An Egyptian appeals court on Tuesday quashed one of two life sentences handed down to Mohamed Morsi since his 2013 overthrow, in the Islamist ex-president’s second appeals victory in a week.
Morsi’s lawyer and a judicial source confirmed the verdict from the Court of Cassation, Egypt’s highest judicial authority.
The court ordered a retrial in the case, Morsi’s lawyer Abdel Moneim Abdel Maqsoud told AFP, adding: “The verdict was full of legal flaws.”
The ruling also quashed the sentences against several Muslim Brotherhood officials who stood trial alongside Morsi on charges of spying for Iran and Palestinian militant group Hamas, Abdel Maqsoud said.
The decision was the latest legal victory for the 65-year-old, who has been convicted and sentenced in all cases against him since being removed from office in 2013.
Morsi was Egypt’s first freely elected leader, taking power after the 2011 uprising that toppled longtime strongman Hosni Mubarak.
But his year in power proved deeply divisive and he was overthrown by then-army chief and now President Abdel Fattah al-Sisi following mass street protests.
A crackdown on Morsi’s Muslim Brotherhood followed, with the movement blacklisted, hundreds of its supporters killed and thousands jailed or sentenced to death.
The courts’ handling of the cases against Morsi and his supporters, many of whom have been convicted after mass trials lasting just days, has drawn criticism from Western governments, human rights groups and the United Nations, which described the trials as “unprecedented” in recent history.
Last week, the Court of Cassation also overturned a death sentence handed down against Morsi on charges of taking part in prison breaks and violence against policemen during the 2011 uprising against Mubarak.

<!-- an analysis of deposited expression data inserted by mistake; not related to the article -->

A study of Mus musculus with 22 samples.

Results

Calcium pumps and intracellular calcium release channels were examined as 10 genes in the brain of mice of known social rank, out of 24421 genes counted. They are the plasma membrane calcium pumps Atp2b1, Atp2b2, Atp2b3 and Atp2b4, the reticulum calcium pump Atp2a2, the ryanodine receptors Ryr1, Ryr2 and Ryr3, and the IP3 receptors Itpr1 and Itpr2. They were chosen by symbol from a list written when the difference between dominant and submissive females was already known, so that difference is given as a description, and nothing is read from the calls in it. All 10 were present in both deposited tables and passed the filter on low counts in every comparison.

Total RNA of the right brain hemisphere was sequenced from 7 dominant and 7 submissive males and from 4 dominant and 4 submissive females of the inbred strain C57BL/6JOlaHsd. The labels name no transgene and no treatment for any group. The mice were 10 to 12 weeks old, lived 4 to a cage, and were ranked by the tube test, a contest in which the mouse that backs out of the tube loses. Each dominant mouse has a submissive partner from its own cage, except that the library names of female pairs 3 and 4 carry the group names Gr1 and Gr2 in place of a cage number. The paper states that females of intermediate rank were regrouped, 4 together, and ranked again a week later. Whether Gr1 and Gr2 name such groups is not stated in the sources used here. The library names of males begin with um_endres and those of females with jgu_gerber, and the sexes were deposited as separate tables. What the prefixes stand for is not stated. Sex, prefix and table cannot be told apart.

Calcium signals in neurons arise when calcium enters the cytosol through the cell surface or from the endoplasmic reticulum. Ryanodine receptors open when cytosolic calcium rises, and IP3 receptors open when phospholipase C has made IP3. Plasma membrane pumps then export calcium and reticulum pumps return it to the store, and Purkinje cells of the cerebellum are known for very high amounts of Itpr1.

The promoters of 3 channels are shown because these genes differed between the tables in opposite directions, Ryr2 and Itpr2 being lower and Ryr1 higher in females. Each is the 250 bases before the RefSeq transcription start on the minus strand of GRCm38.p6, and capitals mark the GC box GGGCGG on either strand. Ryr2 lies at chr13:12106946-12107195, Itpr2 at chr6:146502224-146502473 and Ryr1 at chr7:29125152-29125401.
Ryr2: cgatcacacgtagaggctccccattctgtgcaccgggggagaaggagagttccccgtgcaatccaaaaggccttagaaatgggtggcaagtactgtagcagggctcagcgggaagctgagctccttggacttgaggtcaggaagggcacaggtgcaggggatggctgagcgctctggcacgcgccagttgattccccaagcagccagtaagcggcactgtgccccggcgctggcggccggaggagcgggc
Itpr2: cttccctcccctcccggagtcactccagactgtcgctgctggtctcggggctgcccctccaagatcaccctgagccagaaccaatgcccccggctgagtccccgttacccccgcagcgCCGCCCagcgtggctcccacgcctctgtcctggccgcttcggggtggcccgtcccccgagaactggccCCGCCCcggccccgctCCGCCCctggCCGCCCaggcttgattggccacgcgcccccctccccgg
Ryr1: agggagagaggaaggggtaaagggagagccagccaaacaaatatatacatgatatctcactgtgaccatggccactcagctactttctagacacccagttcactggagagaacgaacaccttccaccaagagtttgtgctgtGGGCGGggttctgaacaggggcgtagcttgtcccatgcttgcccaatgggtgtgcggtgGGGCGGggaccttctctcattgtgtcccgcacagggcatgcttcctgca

The decision enabled Morsi to stop wearing the red uniform reserved for death row prisoners.
Five co-defendants, including Brotherhood supreme guide Mohamed Badie, who also received death sentences, are to be retried too in that case.
- New appeal next week -
From next Monday, the court is to start reviewing a second life sentence handed down against Morsi in a separate trial on charges of stealing documents relating to national security and handing them over to Qatar, a longstanding supporter of the Brotherhood.
Last month, it upheld a 20-year jail sentence handed down against Morsi on charges of ordering the use of deadly force against protesters during his year in power.
Morsi is being held at the Borg el-Arab prison near the northern city of Alexandria.
A veteran activist and engineering professor, Morsi emerged as a compromise candidate for the Brotherhood to field in Egypt’s first democratic presidential election in 2012.
He narrowly won the vote but was soon accused of failing to represent all Egyptians and of trampling the ideals of the anti-Mubarak uprising.
His rule was marked by deep divisions in Egyptian society, a crippling economic crisis and often-deadly opposition protests.
Morsi was removed by Sisi on July 3, 2013 after millions took to the streets demanding his resignation. Sisi became president a year later.
Morsi denounced a “coup” and his supporters insisted he was still the legitimate president.
Hundreds were killed in clashes that erupted when security forces dispersed two pro-Morsi protest camps in Cairo in August 2013.
The years following Morsi’s overthrow saw a surge in bombings and shootings targeting security forces, particularly in the northern Sinai Peninsula, a stronghold of the Islamic State group.
The jihadists say the attacks are in retaliation for the crackdown on Islamists.